Iowa’s Corn Farmers Learn To Adapt To Weather Extremes

Source: by JOHN YDSTIE, NPR • Posted: Friday, August 15, 2014

Farmer Seth Watkins (left) and agronomist Matt Liebman stand amid native prairie grasses near Des Moines, Iowa. The conservation strip is used to stop soil erosion.

Farmer Seth Watkins (left) and agronomist Matt Liebman stand amid native prairie grasses near Des Moines, Iowa. The conservation strip is used to stop soil erosion.

Climate change is creating all kinds of challenges and opportunities for business. One of the sectors that feels the effects most immediately is agriculture. Already, weather patterns are making it more challenging to raise corn — even in Iowa — in the middle of the Corn Belt.

Seth Watkins raises corn and cattle in southern Iowa, and he recalls the memorable weather from 2012.

“We started out with an extreme drought and then that was topped off by the worst hail storm we’ve had — ever. I would say that we lost 40 percent of our crop,” he says.

Two studies released this summer have warned that, in coming decades, climate change will threaten corn production on the western plains of Kansas and Nebraska. It will also dramatically cut yields in Corn Belt states like Iowa.

And it’s a big deal because corn is the nation’s largest crop.

Over $1 trillion of business revenue is produced on the back of corn production — things like meat, ethanol and sweeteners for soft drinks.

In a test field east of Des Moines, Iowa, Watkins and Iowa State University agronomist Matt Liebman are looking for a way to help farmers adapt to soil erosion caused by torrential rain events that are becoming more common.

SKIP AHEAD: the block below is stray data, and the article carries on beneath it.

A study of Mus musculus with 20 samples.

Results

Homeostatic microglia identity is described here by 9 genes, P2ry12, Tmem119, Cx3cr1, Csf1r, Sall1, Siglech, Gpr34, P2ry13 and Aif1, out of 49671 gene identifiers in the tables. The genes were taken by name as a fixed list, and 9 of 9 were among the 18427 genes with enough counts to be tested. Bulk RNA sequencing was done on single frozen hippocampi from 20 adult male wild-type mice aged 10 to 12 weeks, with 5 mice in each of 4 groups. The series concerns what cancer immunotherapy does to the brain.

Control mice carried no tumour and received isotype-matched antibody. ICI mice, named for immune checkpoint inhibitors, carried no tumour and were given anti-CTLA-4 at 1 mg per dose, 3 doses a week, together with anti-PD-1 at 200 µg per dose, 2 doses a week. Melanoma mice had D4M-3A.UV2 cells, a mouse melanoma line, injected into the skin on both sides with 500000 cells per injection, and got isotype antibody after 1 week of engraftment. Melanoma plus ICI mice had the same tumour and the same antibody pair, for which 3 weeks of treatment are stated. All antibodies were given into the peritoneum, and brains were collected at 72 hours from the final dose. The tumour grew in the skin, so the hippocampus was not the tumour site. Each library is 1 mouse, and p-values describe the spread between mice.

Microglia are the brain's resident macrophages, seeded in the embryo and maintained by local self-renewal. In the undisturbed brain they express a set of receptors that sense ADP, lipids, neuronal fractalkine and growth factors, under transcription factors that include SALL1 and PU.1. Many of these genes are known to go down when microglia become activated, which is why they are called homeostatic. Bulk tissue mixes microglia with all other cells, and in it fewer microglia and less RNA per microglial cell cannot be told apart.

Liebman has helped develop a new technique for curbing erosion by planting strips of native prairie plants at strategic locations within cornfields. The deep-rooted, resilient prairie plants can help hold the soil in place as climate change produces more violent storms with heavy rains.

“We slow down the water, and allow more of it to seep into the ground, rather than run off,” Liebman says. “We want to retain the nutrients that might be washed out into the stream and keep them on the crop fields.”

Higher temperatures and dwindling aquifers used for irrigation are also threatening corn growers on the Western Plains. And Liebman says farmers in Iowa have faced multiple threats in past years.

“We can wind up with conditions like we had last year, where we started out incredibly wet and there were several hundred-thousand acres of North Central Iowa and Southern Minnesota that never got planted, followed by seven or eight weeks of almost-total drought,” Liebman says.

Watkins says getting a crop in is getting dicey.

“They always used to say you had 12 days to get a crop in in the spring, and I haven’t seen that for several years, unfortunately,” he says.

About 10 miles from Liebman’s test fields, Gene Snetselaar runs a small implement dealership — no tractors, just things like planters and wagons.

He says farmers are buying new equipment to cope with the weather changes, including adding planters so they can get crops in faster during a wet spring, and new grain wagons with tracks like a military tank, instead of wheels.

Growing conditions have been favorable across the Corn Belt this year and a bumper corn crop is expected. But scientists warn action needs to be taken to cut carbon emissions that contribute to climate change.

If that doesn’t happen, the changes in weather patterns are likely to overwhelm the farmers’ attempts to adapt.